The Colorado Rockies thrilled their fans last season, when the team made the playoffs for the first time since 2009.
It was a short-lived “Rocktober.” The Rockies lost in a wild card game against the Arizona Diamondbacks — who they coincidentally will open the 2018 season against on the road. The Rockies took a lot of insiders by surprise in 2017. Now, fans have high hopes for a team led by a young pitching staff and some position players that have become household names in Colorado.
This year marks the 25th anniversary of Rockies baseball, which began play back in 1993 at the old Mile High Stadium as an expansion team. The move to downtown Coors Field came later in 1995. Over the years, the Rockies have made the playoffs four times, and the World Series once, in 2007.
So what does the new season hold? We asked Denver Post Rockies reporter Patrick Saunders for answers.
What are the expectations for this year’s team?
I think they’re sky-high. There’s a feeling, a quiet confidence is the best way to say it, that the Rockies think they can build off last year. They think their offense can be appreciatively better. The key, though as always is pitching. The Rockies got by last year with some really young starting pitching. Those guys are going to have a tough time repeating what they did last year. But, bottom line, I think there’s reason for fans to be excited. It’s a fun, talented team to watch.
In the offseason, the club spent more than $100 million to shore up their bullpen. What can fans expect from Rockies’ arms?
The idea by Jeff Bridich, the general manager for the Rockies, is to bring in relievers late in the game that can hold leads. Coors Field is notorious for giving up leads… There’s been so many attempts to win baseball [games] at altitude. But Birdich’s game plan is to have some good young starters, then throw in a really veteran, expensive corps of relievers to win games. And that’s kind of the next wave in the evolution of thinking about Rockies baseball.
There’s a potent one-two-three punch here: Reigning National League batting champion Charlie Blackmon, DJ Lemahieu, and Nolan Arenado. How good is this Rockies offense?
Charlie Blackmon hit 37 home runs from the leadoff spot, and it’s very unusual to have that much power at the top. DJ Lemahieu is one of my all-time favorite players on the Rockies… They set it all up for Nolan Arenado, who I think is easily one of the top five players in baseball. But for the Rockies to be as good as people think they have a chance to be, they’ve got to get more offense from other people in the batting order. Yeah, they scored a lot of runs (last year), but they didn’t hit a lot of homers. For where they play, Coors Field, they were not that dynamic of an offense.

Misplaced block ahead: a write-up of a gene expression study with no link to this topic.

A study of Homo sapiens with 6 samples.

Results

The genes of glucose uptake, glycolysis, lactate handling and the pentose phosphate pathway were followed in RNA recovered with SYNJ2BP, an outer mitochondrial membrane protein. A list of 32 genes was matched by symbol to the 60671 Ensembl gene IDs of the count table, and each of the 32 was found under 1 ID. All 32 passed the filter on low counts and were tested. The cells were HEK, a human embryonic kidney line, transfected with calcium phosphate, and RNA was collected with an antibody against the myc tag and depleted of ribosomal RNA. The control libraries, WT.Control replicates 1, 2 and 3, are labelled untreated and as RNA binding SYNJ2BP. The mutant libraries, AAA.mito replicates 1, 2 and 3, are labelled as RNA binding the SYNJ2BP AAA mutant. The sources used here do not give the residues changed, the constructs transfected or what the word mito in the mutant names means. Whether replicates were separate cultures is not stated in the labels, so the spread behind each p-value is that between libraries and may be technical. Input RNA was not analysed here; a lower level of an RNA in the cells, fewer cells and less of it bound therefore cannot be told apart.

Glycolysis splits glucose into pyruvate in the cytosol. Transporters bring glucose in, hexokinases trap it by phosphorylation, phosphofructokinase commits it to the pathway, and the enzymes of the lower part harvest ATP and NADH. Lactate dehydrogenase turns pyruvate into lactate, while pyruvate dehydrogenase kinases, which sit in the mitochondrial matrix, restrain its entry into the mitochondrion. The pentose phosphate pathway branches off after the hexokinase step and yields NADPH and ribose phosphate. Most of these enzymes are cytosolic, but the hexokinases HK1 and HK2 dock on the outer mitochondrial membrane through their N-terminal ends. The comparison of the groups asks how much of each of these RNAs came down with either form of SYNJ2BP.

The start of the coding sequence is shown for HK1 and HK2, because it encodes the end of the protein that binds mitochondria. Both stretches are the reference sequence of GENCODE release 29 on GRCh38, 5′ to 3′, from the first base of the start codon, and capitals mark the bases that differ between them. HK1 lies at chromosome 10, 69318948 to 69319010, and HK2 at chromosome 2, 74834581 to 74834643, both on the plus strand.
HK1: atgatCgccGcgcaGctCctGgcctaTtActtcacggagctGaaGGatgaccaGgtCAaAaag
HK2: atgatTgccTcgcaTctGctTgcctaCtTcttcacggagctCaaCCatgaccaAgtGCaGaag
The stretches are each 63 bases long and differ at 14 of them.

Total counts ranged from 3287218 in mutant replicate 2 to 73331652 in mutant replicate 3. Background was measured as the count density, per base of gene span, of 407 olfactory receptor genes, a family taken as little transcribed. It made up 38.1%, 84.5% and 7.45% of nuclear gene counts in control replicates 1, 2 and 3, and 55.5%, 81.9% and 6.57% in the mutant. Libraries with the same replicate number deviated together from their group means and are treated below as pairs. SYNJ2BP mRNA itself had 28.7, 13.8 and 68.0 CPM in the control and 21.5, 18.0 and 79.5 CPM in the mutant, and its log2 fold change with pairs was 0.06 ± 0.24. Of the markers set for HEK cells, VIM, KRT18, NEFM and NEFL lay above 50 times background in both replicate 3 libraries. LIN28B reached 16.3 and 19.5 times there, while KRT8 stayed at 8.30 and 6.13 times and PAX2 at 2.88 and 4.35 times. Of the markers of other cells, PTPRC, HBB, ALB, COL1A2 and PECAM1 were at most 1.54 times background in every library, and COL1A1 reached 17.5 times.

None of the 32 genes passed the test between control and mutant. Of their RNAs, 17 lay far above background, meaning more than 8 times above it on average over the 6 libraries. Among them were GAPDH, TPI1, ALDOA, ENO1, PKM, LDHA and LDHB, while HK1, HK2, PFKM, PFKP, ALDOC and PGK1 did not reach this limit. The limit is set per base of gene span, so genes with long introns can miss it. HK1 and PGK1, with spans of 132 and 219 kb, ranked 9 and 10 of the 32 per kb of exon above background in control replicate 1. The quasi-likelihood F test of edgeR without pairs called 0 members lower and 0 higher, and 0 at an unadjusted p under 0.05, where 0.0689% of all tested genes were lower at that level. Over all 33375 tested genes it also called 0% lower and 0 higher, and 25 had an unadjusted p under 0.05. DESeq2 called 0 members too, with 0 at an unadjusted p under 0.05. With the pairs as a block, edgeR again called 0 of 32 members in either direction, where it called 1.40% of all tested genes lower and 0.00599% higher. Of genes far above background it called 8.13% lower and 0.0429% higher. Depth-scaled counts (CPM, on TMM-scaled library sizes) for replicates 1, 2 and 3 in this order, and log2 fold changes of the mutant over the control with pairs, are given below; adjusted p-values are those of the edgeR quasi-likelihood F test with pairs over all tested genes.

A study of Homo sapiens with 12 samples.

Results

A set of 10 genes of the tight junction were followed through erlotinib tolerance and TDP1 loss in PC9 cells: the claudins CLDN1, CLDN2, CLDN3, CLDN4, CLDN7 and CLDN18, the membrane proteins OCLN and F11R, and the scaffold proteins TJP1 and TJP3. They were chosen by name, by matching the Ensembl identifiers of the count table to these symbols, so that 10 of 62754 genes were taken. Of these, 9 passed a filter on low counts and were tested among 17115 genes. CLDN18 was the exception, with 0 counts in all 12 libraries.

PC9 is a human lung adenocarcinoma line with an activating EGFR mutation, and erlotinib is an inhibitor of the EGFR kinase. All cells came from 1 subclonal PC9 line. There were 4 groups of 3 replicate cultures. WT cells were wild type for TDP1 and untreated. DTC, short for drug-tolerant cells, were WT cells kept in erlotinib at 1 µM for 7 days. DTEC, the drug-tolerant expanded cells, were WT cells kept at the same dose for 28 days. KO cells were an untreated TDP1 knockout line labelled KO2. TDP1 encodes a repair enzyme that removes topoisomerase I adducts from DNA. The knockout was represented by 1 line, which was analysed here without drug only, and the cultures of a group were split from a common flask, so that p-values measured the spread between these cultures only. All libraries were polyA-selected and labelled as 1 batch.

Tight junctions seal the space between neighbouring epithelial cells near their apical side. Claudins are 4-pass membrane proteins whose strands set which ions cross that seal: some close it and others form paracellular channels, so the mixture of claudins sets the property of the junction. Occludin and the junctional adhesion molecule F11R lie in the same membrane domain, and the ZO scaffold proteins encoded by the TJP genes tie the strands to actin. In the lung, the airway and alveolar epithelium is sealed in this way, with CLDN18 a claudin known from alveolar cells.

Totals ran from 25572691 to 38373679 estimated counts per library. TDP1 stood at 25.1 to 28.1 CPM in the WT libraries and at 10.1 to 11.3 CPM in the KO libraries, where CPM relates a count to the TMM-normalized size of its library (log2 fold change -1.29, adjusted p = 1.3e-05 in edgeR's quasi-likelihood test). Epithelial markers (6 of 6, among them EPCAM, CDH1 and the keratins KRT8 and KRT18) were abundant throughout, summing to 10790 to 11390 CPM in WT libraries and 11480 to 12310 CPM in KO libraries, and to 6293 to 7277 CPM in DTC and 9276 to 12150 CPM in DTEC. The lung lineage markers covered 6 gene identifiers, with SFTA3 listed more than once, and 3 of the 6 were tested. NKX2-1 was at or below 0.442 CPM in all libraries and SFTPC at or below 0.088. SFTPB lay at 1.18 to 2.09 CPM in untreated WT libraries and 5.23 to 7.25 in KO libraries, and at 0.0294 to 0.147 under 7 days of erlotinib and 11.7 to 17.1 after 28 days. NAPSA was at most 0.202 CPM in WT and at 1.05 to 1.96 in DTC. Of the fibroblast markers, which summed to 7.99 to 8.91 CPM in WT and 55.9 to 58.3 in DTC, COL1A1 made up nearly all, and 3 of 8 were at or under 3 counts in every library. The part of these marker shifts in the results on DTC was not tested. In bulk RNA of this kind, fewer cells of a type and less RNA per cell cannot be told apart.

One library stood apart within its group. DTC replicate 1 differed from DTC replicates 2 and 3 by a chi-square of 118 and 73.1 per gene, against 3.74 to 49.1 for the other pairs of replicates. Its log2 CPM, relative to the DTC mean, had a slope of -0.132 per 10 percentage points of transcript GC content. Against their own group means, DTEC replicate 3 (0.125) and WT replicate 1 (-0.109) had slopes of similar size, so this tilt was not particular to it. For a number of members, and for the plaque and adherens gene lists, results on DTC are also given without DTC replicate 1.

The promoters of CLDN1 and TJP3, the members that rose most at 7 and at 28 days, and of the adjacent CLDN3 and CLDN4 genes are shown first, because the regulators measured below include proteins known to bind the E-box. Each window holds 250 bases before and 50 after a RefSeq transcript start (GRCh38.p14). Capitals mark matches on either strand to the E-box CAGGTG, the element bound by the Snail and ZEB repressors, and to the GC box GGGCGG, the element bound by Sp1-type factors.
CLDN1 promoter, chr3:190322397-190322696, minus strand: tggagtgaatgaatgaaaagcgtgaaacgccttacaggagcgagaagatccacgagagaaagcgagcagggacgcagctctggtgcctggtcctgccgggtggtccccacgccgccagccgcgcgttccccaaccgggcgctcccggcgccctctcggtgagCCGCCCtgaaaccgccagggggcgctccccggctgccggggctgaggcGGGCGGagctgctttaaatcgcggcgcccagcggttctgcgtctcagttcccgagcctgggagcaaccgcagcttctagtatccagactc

How good is the NL West?
It’s the toughest division in baseball. The Dodgers clearly are the favorite — and I hate ‘em like everybody else hates ‘em. Giants fans are insufferable. They come to Coors Field and take it over. It’s really annoying. The Giants were terrible last year. They’ve been rebuilt, but I think the Rockies are a better team. The Dodgers are the team to beat. If they lose a guy, there’s always somebody else there.
Is there a sense of urgency for this team to win this year, given that guys like Arenado, Blackmon and Lemahieu could be gone soon due to contracts?
For Nolan [Arenado], it’s not about the money. Nolan has told me many times it’s about winning, and I think for the Rockies to be able to keep him, they’ve got to show they’re invested in winning long-term. For small and mid-market teams (like the Rockies), the window is not open very long. For the Rockies, the window is now. The chances of DJ [Lemahieu] coming back is almost none. Charlie [Blackmon] coming back, in my book is pretty, sketchy. The chances of Nolan, after next year, coming back, who knows?
So what’s your prediction for the season?
I think there’s a feeling in that clubhouse that they can go much deeper into the playoffs (this year); certainly into the divisional series, and even into the championship round. Can they make the World Series? I would have to say no. I just don’t think their pitching is quite there yet to make that kind of run. But hey, in 2007 [when the Rockies went to the World Series], nobody saw that coming either.